FTSE 100 companies are falling short on ESG standards as a report found that there are no black chairs, chief executives or chief financial officers across the index.
It is the first time it happens in six years and it comes at a time of heightened awareness following the recent focus on the Black Lives Matter movement.
The numbers of most other minority ethnic groups in these top positions have increased by a small amount since 2014, but the number of black leaders at FTSE 100 companies has stalled and then dropped to zero.
As a result, only ten of 297 leaders in the top three roles have ethnic minority backgrounds, said staffing firm Green Park.
Only 1% of executive directors and non-executive directors were black, which compared unfavourably with other ethnic minorities.
The prospects for future increases in black representation at the highest levels of British business also look slim, researchers said, with numbers in the leadership pipeline decreasing over the past year from 1.4% to 0.9%.
This drop in the pipeline is reflected across ethnic minority groups more widely, with ethnic minority representation falling over the past year from 10.7% to 9%.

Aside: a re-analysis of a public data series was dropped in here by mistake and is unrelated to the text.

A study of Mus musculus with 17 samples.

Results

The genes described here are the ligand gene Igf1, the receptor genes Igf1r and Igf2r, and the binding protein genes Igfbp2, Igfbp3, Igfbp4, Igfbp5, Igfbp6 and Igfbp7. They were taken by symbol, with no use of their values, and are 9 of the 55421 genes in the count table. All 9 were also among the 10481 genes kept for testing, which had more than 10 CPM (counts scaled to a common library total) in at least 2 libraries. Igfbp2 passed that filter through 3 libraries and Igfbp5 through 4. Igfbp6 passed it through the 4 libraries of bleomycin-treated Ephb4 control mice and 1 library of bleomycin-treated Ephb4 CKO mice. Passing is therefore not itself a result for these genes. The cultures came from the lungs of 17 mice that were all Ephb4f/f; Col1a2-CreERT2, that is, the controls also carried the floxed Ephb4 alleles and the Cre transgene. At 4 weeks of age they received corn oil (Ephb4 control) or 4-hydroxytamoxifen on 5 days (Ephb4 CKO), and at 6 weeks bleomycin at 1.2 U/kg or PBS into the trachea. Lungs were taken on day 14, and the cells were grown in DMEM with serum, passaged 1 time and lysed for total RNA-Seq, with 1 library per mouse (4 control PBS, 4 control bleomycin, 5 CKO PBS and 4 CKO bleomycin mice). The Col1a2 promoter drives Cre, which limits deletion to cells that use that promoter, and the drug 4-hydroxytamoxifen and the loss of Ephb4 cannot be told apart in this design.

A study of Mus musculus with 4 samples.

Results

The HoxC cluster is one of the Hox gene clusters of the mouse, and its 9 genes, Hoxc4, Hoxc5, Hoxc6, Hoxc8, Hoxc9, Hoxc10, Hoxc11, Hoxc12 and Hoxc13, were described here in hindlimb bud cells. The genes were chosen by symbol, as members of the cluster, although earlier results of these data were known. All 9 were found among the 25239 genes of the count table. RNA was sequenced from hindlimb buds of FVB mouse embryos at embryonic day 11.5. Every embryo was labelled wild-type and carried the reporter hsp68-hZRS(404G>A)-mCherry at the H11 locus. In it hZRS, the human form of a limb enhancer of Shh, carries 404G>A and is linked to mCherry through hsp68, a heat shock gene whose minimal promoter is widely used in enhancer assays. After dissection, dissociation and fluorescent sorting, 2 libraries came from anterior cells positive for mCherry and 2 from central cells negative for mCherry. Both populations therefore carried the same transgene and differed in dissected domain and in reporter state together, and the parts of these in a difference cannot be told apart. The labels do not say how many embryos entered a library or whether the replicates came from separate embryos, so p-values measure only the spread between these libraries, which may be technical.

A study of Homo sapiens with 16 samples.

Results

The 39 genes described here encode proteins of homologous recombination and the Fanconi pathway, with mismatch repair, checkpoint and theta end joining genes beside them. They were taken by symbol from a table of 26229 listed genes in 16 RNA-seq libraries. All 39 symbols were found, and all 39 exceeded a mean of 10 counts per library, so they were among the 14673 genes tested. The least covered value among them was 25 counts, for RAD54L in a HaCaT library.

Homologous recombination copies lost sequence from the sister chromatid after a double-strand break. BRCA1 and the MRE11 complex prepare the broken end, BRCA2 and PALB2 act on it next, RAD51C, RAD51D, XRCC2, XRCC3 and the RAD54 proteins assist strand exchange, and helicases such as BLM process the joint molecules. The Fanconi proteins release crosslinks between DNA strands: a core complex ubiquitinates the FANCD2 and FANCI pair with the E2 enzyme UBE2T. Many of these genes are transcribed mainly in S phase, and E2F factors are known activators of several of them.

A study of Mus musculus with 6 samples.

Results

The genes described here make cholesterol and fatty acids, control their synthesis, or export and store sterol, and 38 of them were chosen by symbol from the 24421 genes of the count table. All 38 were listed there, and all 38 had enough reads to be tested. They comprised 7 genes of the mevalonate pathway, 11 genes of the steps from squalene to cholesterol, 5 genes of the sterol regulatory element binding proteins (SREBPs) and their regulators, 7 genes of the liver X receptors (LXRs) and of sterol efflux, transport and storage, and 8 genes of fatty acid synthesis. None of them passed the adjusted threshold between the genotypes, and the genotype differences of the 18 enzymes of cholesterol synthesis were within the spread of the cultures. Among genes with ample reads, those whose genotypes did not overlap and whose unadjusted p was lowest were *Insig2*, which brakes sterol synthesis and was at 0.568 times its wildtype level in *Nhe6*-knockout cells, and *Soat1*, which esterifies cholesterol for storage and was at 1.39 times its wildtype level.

In October, Legal & General Group PLC (LON:LGEN) issued an ultimatum to the over 30 big caps with all-white boards unless they appoint a black, Asian and minority ethnic (BAME) director by January 2022.
The life insurer, which owns 2-3% of almost all the largest stocks in the UK, warned it will vote against the re-election of the nomination committee chairmen if the firms do not comply.
However, its chair, chief executive and chief financial officer are white men.
Diversity pays, at least in term of gender: according to an analysis by broker Liberum, London-listed companies with a more gender-diverse board of directors had higher operating margins, lower share price volatility and higher share price returns, outperforming their peers by 3.4%.
“We know there is no shortage of qualified candidates to fill these roles if companies are willing to look. Yet the snowy peaks of British business remain stubbornly white,” said Trevor Phillips, Chair of Green Park.
“We cannot go back to business as usual. It is time that shareholders, consumers and employees start questioning whether Black Lives Matter is just rhetoric rather than reality.”